Post pregnancy weight loss
You’ve just become the mom of a happy and healthy baby and you are really eager to lose all the weight you’ve gained during pregnancy. If in the day before birth you could barely see your feet because of your tummy, in the day after you might want to rediscover your old body. Unfortunately it took you nine months to put on the extra weight, so you have to give yourself a little more time to lose it back.
It’s true that a significant weight loss occurs immediately after giving birth. You can count 7- to 8-pounds for the baby, approximately 1 pound for placenta, 2 or 3 pounds of blood and amniotic fluid. All this amount of weight leaves naturally the body of a new mom immediately after birth, so you will be, on average, at least 12 pounds lighter. During the period following the birth, you’ll lose some other 4 or 6 pounds, because your body will eliminate the water retained in the cells during pregnancy. The extra blood from your pregnant body will contribute to the weight loss after the birth, too.
The grand total after birth and the first 1-2 week after birth counts almost 18-20 pounds, but for most of the mommies there’s still some fat left on the tummy, hips and thighs.
If you’ll breastfeed your baby, some of this fat will be gone in this process. Breastfeeding burns an average of 500 calories a day, which means 1 lb. a week. Mothers who breastfeed more frequently lose weight faster than mothers who nurse less often and mothers who nurse for shorter periods of time tend to lose weight more slowly than mothers who nurse longer.
For all the other extra weight still left, you’ll have to change your eating habits. When you were pregnant, you might have adjusted your eating habits to support your baby’s growth and development. If you afforded to release your cravings, during pregnancy, now it is time to cut them back. Try to eat as healthy as possible and avoid temptations.
As long as you will be breastfeeding your baby, do not try any extreme diets. In general, your diet is important for your own health and energy levels, rather than affecting your breast milk and your baby. If you’ll starve yourself while breastfeeding, your body will use fat stores laid down while you were pregnant and partly compensate for the extra demand on nutrients, but your energy levels will get very low and you will not be able to take care of your child. So the best advice is to do everything with moderation.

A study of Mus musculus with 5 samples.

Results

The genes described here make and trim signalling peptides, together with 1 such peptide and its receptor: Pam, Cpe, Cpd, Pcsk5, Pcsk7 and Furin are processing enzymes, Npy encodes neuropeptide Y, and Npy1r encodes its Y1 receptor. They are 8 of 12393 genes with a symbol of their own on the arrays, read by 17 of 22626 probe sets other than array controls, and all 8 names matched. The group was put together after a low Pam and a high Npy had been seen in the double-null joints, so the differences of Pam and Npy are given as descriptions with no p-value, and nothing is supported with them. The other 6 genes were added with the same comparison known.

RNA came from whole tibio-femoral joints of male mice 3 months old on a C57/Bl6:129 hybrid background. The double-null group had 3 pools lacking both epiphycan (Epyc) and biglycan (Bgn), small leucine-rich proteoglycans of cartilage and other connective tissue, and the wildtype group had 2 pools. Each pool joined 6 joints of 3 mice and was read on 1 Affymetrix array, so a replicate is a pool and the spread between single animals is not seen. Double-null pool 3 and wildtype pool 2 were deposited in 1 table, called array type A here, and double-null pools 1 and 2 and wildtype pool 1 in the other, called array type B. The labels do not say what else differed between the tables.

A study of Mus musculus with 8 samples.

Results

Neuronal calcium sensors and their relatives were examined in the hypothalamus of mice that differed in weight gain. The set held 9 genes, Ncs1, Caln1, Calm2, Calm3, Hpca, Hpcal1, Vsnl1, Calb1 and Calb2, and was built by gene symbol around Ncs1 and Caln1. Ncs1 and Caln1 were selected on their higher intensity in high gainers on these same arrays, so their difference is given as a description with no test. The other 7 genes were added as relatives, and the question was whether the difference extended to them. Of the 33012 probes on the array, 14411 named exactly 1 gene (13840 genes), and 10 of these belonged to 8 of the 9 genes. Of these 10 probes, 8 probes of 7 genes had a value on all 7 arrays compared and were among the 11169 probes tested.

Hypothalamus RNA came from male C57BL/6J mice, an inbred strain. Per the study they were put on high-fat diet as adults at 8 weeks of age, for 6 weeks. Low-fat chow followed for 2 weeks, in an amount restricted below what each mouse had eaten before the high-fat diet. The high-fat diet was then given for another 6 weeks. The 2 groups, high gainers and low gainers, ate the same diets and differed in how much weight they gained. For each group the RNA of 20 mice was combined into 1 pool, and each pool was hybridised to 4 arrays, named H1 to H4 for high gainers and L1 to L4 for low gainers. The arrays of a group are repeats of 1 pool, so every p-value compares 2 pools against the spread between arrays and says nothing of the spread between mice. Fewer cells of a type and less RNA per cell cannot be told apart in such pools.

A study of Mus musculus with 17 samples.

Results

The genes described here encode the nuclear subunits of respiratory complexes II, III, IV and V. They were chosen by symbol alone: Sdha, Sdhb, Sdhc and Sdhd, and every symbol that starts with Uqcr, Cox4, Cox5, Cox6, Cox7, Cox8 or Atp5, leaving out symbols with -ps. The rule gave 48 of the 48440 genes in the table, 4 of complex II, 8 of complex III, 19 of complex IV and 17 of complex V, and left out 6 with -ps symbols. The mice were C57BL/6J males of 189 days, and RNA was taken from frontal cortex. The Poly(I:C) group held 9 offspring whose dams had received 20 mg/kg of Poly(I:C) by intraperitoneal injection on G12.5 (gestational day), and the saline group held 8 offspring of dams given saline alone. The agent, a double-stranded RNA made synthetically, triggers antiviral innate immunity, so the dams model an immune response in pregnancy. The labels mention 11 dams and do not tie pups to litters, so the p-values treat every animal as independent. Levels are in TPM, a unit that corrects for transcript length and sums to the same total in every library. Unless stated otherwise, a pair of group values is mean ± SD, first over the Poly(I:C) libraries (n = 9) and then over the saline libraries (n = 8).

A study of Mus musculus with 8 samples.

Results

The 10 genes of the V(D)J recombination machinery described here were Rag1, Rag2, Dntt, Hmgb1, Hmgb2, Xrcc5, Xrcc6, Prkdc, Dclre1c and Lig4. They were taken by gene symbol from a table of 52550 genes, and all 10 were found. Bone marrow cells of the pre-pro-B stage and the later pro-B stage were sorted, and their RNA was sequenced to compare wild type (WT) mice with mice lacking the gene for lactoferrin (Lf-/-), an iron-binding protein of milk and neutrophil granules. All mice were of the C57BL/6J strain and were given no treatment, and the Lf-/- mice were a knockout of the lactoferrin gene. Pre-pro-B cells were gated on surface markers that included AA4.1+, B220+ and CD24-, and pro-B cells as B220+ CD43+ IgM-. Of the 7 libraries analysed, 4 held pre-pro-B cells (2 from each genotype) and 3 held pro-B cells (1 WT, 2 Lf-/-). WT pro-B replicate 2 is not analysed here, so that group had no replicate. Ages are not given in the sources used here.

To be the best mom for your baby and the hottest mom for the others, eat healthy. You should focus your diet on foods high in fiber (fruits, vegetables and whole grains), because they can provide you with many important nutrients while helping you feel full longer. Do not exaggerate with some fruits or vegetables, such as cherries, citrus fruits, beans, cabbage, broccoli, cauliflower etc, to be able to avoid your baby’s colic.
Eat smaller, more-frequent meals, only when you are hungry. Don’t skip meals, but surround yourself with healthy foods. If junk food poses too much temptation, keep it out of the house and if you feel like eating when it is not time to eat just yet, find something else to distract yourself from your cravings.
Your daily routine should include physical activities.
As soon as your doctor tells you that you are able to exercise, start exercising! Physical activities will help you lose the extra pounds quicker and will boost your energy levels, improving your psychological state. Since your tummy carried almost the entire weight while pregnant, your exercises should target the abdominal muscles. Focus on them, but do not exclude any other forms of practice, such as walking, stationary cycling or swimming. The best option is walking with your baby.
Remember to be patient. Give yourself six months or even longer to return to your pre-pregnancy weight, whether you’re breast-feeding or not. Learn to accept the changes in your body, because even if you will manage to get back to the size you had before pregnancy, you might discover that your weight might be distributed differently from how it was before pregnancy. These are just details; the real important things are your baby’s and your own health.